Interoperability: The similarity that binds

Our very intense work-filled week ended in the island nation of Grenada with an overarching recommendation for social interoperability among the program offices in the Ministry of Social Development and Housing. While presenting the final part of our four-project endeavor for the Ministry I was struck with a certain sense of déjà vu as I illustrated the connectedness of the seemingly separate services the Ministry provides for the people of Grenada. Why déjà vu? Well, it is often the same kind of task here at home in the US to demonstrate the importance of an interoperable healthcare system that could eventually expand to include its social determinants. Our team spent four of the most insightful days doing interviews, collecting on the ground data, and working with the Ministry to learn and build on the organization’s wealth of resources.


The workload was immense but the wrap up felt extremely rewarding…and we still found time to hit the beach and enjoy some island sun, sand, sea, and fresh Caribbean breezes! We learned a lot, we did a lot, and we produced a lot.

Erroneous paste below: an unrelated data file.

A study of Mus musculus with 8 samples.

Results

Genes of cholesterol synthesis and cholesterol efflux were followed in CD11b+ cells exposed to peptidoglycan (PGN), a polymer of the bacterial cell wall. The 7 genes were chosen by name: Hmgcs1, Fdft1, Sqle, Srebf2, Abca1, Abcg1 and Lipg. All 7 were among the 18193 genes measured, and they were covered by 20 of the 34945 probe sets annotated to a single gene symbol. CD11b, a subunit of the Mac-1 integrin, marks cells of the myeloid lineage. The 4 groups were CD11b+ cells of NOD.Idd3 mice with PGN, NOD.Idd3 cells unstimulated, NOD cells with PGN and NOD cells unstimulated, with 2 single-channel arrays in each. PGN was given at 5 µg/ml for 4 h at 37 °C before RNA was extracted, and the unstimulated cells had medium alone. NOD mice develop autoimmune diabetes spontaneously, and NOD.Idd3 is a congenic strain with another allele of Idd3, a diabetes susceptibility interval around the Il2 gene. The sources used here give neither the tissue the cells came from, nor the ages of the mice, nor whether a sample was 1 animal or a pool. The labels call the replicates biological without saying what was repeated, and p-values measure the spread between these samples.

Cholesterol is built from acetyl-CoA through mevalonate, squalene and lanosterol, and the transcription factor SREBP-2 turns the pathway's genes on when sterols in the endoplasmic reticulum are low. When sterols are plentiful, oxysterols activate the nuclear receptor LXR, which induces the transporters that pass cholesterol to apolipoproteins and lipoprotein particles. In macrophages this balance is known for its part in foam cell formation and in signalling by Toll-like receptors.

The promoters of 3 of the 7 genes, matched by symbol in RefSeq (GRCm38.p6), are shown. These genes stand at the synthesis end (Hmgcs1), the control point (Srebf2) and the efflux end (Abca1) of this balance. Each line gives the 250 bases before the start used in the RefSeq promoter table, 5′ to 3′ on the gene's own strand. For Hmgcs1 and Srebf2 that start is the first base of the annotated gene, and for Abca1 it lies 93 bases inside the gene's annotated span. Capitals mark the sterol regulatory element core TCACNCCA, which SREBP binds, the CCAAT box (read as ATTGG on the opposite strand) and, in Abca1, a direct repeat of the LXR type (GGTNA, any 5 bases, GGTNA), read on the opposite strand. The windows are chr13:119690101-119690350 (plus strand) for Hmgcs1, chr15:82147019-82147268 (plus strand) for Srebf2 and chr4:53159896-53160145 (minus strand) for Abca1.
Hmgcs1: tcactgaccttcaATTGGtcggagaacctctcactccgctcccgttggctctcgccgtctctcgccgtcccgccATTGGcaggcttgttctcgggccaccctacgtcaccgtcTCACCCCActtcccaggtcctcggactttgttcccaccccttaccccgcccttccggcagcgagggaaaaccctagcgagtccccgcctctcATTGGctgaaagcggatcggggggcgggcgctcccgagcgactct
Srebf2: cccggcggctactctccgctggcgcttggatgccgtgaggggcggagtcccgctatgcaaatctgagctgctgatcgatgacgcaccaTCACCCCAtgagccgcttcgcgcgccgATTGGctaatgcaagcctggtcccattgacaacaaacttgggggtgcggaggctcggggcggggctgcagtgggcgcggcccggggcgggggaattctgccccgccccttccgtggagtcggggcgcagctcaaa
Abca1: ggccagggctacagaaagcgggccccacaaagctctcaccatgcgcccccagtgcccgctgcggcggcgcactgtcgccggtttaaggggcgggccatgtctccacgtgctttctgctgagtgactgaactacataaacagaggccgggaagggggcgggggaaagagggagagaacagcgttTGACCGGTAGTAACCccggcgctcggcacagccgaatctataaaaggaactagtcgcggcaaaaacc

The formal discussions with management and program officials of the Ministry proved extremely useful for our work, but it was the market place conversations that afforded some of the most demonstrable insight into the Grenadine communities. Those informal, community chats, provided a tangible reminder of how much human discourse is still one of the best ways to shape one’s understanding of the unknown. After more than two hours of one-on-one chats between our individual group members and vendors in the center of the island’s capital, St George’s, we left the market with a better understanding of community views on the Ministry’s social programs, and thoughts on domestic violence and sexual abuse. It was also interesting to learn about the island’s shifting head of household gender dynamics, much like North America where family roles changed when the workforce saw an increased participation of women.

As I recover from the inevitable lethargy that air travel causes I reminisce about blue water, sandy beaches, and Grenadian spices. But, perhaps more important, I reflect on just how much likeness there is within this global world in which we live. While we might have differences in beliefs, values, preferences, and ways we communicate, beneath it all there are similarities that bind us across borders…like interoperability!